The relationship between ICONLOOP and ICON still mystifies some observers.

That’s OK. Even we get confused about it sometimes, and we write about ICON for a living.

ICONLOOP is a tech company based in Seoul. The DAYLI Financial Group, one of Korea’s largest fintech groups, founded it as a subsidiary venture in May 2016. ICONLOOP was originally named “theloop,” but adopted its current name (i.e., ICONLOOP) in August 2018 as part of a rebranding effort.

The company specializes in the design and implementation of blockchain technology. It has developed its own blockchain engine, loopchain, upon which it bases a wide range of services.

Many of ICONLOOP’s projects are private enterprise blockchain solutions based on the loopchain engine. The company enjoys over 100 business partnerships, some with corporate giants such as Samsung, Naver LINE and SK. The company also works on projects for public organizations such as Seoul Metropolitan Government.

To repeat, most of these projects are private blockchain networks, i.e., permissioned networks built for specific clients, often private companies.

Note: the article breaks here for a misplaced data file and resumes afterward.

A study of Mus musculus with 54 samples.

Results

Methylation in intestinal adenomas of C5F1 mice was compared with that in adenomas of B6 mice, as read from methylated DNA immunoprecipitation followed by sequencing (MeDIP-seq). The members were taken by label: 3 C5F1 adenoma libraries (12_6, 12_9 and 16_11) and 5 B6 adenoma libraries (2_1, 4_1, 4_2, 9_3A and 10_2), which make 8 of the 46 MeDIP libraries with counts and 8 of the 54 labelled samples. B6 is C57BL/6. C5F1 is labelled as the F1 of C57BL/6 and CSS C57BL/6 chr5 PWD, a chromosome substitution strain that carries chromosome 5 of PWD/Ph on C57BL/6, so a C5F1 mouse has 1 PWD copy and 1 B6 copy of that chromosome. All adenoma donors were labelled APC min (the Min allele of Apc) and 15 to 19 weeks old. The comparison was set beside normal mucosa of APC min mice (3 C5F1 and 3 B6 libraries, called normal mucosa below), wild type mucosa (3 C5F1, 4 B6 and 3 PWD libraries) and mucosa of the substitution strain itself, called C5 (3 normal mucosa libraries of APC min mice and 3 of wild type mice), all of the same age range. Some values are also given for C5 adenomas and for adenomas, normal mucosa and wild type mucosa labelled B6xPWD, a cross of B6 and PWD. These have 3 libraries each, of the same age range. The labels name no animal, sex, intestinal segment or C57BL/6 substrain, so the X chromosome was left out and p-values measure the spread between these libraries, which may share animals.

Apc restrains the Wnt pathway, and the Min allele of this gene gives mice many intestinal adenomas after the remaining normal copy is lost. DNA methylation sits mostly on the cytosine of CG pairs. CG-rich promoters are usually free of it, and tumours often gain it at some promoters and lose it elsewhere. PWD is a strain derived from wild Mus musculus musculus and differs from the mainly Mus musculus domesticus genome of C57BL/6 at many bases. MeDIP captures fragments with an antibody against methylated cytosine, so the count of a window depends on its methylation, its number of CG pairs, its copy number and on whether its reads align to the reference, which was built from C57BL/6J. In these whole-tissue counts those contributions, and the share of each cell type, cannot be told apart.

One of ICONLOOP’s projects, however, is a public blockchain network. This is the ICON project. ICONLOOP doesn’t “own” ICON, per se – as a public blockchain, nobody truly owns it. But the company provides all the technical support for the project, which runs on the loopchain engine. ICON uses its own token, ICX. The ICON Foundation, led by the ICON Council, oversees the development of the project.

To reiterate:

ICONLOOP = the company

loopchain = ICONLOOP’s independently developed blockchain engine

ICON = ICONLOOP’s public blockchain project

Of course, some of you may still be wondering how ICONLOOP’s private blockchain networks impact the ICON project. Though the ICON Foundation has already explained this on its own, we’ll provide a brief summary of our own. In short, ICONLOOP’s private blockchain networks provide important use cases for loopchain, the core technology upon which ICON is built. ICONLOOP also aims to connect the private networks to ICON’s public network in the future, consequently increasing the demand for the ICX token.

P.S.: If you need a refresher on the differences between private and public blockchains – and hey, who doesn’t? – see this helpful post at Big Blue’s blockchain blog.